January’s IPO market ended with fireworks. The final Friday of the month produced two opening-day moonshots. February opens with a dozen IPOs, mostly from the health-care sector – a sector that has become selective. Friday provided an example.
A moonshot, friends, is easy to recognize: By the closing bell on its first day of trading, the stock has doubled its IPO price – UP 100 percent – or more.
One of the moonshots last week attracted media coverage almost on a par with a visit from Prince William and the Duchess of Cambridge. The other deal, oddly enough, was mostly ignored.
An Explosive Appetite
Shake Shack (SHAK), the New York City-based restaurant chain, rocked and rolled. Wall Street’s appetite for the IPO turned out to be as intense as the craving that makes Shake Shack fans line up around the block for a burger or a concrete (a thick shake).
To re-cap: On Jan. 20, Shake Shack set terms to offer 5 million shares at $14 to $16 each. On Jan. 28, Shake Shack increased its offering terms to 5 million shares at $17 to $19 each. On Jan. 29, the IPO was priced at 5 million shares at $21 each. On Jan. 30, Shake Shack opened at $46.55, sold as high as $52.50, and closed at $45.90 – UP 118.6 percent from its IPO price.
In short: Shake Shack raised 40 percent more than it originally intended, and its stock more than doubled its IPO price in its debut on the New York Stock Exchange.
A Spark in the Dark
Spark Therapeutics (ONCE), a Philadelphia-based gene therapy company engaged in developing life-altering gene therapy treatments for patients affected by rare diseases that cause blindness and debilitating diseases such as hemophilia B. It also scored a moonshot.
To re-cap: On Jan. 20, Spark set terms to offer 5.5 million shares at $15 to $17 each. On Jan. 28, Spark increased its offering terms to 6.5 million shares at $19 to $21 each. On Jan. 29, the IPO was priced at 7 million shares at $23 each. On Jan. 30, Spark opened at $45.10, sold as high as $51.90, and closed at $50, UP 117.4 percent from its initial public offering price.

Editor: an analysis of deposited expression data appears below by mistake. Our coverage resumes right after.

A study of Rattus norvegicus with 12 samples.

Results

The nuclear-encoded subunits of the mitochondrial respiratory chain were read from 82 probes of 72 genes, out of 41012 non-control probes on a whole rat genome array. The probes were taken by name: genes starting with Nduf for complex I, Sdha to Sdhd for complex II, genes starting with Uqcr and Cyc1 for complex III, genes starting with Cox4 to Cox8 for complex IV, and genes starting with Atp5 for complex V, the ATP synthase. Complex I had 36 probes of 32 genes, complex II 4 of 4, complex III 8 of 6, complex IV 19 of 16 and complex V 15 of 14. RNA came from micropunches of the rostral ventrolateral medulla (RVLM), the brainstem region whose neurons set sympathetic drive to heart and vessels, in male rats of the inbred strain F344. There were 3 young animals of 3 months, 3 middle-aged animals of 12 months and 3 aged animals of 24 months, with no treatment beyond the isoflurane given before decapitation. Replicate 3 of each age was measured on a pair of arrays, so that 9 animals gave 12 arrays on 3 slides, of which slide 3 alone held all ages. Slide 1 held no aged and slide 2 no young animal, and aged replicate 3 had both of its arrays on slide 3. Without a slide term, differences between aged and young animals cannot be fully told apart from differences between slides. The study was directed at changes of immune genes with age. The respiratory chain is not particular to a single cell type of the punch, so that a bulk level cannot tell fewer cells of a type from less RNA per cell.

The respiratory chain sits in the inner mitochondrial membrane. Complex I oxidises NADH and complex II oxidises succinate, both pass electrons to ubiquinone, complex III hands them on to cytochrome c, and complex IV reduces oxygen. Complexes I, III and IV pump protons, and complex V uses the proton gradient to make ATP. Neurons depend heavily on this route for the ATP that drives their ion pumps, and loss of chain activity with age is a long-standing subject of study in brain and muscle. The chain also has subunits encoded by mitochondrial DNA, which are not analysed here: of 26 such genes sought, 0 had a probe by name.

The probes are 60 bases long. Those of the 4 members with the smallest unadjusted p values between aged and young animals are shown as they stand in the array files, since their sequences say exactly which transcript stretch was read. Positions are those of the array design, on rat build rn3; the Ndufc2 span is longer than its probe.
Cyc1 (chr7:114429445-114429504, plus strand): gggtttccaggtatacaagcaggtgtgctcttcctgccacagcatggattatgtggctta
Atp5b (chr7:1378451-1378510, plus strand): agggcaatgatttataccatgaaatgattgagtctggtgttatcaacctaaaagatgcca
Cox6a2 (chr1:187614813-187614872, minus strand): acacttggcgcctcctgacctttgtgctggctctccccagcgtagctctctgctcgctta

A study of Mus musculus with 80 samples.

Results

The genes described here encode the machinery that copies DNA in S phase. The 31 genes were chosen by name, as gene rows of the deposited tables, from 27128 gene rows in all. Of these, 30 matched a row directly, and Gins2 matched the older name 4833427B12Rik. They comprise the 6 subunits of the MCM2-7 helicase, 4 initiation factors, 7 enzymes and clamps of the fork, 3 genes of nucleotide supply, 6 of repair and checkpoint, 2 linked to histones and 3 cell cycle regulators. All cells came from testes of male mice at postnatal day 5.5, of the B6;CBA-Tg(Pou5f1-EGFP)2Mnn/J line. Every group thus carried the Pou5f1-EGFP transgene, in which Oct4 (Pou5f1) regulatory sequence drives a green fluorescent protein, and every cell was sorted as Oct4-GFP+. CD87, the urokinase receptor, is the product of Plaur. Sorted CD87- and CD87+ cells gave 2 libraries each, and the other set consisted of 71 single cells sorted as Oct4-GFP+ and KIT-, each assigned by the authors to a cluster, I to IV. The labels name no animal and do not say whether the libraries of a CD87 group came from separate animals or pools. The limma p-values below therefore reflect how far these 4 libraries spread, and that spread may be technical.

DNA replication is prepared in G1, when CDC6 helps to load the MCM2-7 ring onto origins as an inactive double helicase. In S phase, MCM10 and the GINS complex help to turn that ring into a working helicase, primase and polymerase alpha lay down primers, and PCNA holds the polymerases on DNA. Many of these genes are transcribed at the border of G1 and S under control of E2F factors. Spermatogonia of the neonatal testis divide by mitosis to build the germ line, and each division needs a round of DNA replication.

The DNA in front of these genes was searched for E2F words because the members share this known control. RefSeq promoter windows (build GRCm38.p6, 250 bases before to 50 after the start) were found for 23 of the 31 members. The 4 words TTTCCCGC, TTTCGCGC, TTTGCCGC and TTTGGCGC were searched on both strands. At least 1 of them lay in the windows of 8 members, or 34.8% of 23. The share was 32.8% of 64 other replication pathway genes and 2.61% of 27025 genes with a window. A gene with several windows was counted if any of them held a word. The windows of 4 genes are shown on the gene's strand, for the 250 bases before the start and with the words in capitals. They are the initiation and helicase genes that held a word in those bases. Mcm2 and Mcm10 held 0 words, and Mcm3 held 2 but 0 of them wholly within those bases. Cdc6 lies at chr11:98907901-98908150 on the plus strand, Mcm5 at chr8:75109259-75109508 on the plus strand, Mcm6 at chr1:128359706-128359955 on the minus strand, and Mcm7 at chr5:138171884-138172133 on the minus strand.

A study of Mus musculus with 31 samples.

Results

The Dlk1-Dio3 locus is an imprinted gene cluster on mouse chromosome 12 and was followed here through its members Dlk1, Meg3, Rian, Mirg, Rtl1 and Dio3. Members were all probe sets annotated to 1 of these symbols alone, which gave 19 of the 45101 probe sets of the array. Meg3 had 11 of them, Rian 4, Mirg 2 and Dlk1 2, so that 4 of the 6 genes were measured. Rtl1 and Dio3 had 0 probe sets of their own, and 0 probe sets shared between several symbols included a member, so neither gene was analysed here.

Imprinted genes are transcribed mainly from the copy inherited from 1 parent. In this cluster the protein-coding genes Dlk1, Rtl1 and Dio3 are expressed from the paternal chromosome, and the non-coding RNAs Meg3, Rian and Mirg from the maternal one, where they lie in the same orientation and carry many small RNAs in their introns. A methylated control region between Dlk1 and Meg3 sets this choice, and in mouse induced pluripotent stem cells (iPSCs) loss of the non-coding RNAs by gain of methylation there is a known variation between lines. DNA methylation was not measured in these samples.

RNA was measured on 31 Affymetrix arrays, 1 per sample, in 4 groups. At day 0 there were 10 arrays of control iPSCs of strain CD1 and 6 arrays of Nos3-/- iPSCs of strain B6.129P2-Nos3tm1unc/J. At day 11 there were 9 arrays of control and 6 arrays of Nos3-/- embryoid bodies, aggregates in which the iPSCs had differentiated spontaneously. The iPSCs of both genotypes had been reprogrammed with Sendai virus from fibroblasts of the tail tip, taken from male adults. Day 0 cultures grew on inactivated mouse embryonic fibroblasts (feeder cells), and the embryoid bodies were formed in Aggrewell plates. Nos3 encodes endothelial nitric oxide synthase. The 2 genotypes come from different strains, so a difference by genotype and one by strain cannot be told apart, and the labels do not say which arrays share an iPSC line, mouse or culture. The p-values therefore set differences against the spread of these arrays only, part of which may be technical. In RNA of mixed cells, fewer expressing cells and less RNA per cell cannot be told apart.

In short: Spark raised 83 percent more than it originally intended, and its stock more than doubled its IPO price in its first day of trading on the Nasdaq.
All in all, 10 IPOs were priced last week. Seven finished their opening day as winners. The other three were losers. The average opening-day gain for all 10 was 36.1 percent.
On the dark side of midnight, aside from Spark, the health-care sector did poorly. Excluding Spark, seven health-care IPOs were priced. Four finished their opening day as winners, while three wound up as losers. The average opening-day gain for those seven was 3.1 percent.
That brings us to this week and its calendar of 12 IPOs. Bankers expect to raise over $1.8 billion, but 10 of the 12 deals are from the health-care sector. At press time, there does not appear to be another Spark Therapeutics in the crowd. Nevertheless, this is Wall Street, where anything can happen.
Looking into the week of Feb. 9, the calendar has three IPOs expecting to raise over $700 million. None of those deals is from the health-care sector. But more names could pop onto the IPO launching pad by the time that Monday, Feb. 9, rolls around.
Disclosure: Neither the author nor anyone else on the IPOScoop.com staff has a position in any stocks mentioned, nor do we trade or invest in IPOs. The author and IPOScoop.com staff do not issue advice, recommendations or opinions.